Azara Blog: Patients who make waves get special treatment in the NHS


The BBC says:

A mother-of-four from Staffordshire who lost an appeal to be given the breast cancer drug Herceptin on the NHS will get the treatment paid for after all.

North Stoke Primary Care Trust (PCT) said on Wednesday because of Elaine Barber's exceptional circumstances she should be prescribed the drug.

It rejected her appeal on Monday saying it was not convinced of the drug's safety or cost-effectiveness.

Ms Barber, 41, said she was "over the moon" at the PCT's change of heart.

She had lodged papers against the PCT at the High Court last week.

Ms Barber was told the news after meeting the PCT's chief executive Mike Ridley on Wednesday.

She said: "I am absolutely over the moon. I hope that the very many women like me who just want to be given the chance to live will also be given funding for the drug treatment.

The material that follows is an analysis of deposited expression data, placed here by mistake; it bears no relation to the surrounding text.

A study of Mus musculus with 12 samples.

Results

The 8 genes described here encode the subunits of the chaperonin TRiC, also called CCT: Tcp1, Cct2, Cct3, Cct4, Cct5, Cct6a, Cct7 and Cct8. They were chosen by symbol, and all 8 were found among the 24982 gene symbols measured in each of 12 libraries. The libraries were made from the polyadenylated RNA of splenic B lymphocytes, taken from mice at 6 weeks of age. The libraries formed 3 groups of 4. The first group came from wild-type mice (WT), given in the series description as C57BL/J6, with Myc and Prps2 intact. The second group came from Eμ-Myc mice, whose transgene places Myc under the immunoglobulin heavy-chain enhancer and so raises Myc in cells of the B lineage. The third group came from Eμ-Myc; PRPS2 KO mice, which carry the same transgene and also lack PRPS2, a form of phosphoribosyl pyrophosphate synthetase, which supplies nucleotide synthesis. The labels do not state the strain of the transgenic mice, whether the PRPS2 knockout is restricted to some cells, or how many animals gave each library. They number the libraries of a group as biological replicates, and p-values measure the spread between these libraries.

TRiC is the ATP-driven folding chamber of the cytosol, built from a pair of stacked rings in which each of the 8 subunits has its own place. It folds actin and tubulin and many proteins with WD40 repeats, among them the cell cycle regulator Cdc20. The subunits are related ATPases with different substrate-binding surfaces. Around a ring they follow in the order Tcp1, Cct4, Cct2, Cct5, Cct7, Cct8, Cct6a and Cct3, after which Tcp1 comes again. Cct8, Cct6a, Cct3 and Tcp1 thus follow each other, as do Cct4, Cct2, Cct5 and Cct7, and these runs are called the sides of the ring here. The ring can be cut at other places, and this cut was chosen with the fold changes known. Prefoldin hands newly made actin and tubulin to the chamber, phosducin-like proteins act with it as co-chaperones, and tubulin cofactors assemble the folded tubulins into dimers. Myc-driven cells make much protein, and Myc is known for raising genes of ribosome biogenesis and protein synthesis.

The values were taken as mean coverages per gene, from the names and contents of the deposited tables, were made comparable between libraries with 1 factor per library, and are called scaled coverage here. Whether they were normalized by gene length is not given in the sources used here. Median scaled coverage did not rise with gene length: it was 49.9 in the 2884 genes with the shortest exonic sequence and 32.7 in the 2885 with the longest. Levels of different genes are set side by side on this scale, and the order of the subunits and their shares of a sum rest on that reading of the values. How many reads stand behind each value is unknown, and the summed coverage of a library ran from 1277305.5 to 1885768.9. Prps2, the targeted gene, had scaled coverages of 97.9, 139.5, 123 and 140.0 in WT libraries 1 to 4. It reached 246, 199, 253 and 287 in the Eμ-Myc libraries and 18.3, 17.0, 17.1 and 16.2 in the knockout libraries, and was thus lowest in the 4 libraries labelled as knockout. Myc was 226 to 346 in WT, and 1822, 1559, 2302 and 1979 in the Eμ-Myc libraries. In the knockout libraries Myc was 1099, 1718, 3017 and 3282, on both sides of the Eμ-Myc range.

"I can't believe that I have been put through all this just so the health authority can balance the books. Human life cannot and should not be measured in pounds."

This is one of the problems with life in the modern world. People are somehow puzzled that government needs to balance the books. In the UK anybody and everybody (including the BBC) continually insist that the government spend more and more on the NHS (and everything else on the face of the earth). But nobody ever seems to want to question how it gets paid for. Politicians bring this problem upon themselves since they always want to claim you can get something for nothing. And of course the media (including the BBC) play along.

Apparently Herceptin costs about £20000 per patient per year. This is not a trivial number (it is about what the median income is in the UK, so way over the median tax paid). And it is obvious that money spent on Ms Barber will therefore not be spent on other patients. So the moral of the story is that people who get news coverage of their health problems get what they want, and the silent majority have to suffer in silence. Of course possibly the use of Herceptin will in return largely pay for itself, in particular by being successful as a treatment (so, for example, making people healthy enough to allow them to return to work, or to care for their family, etc.). That has got to be the hope.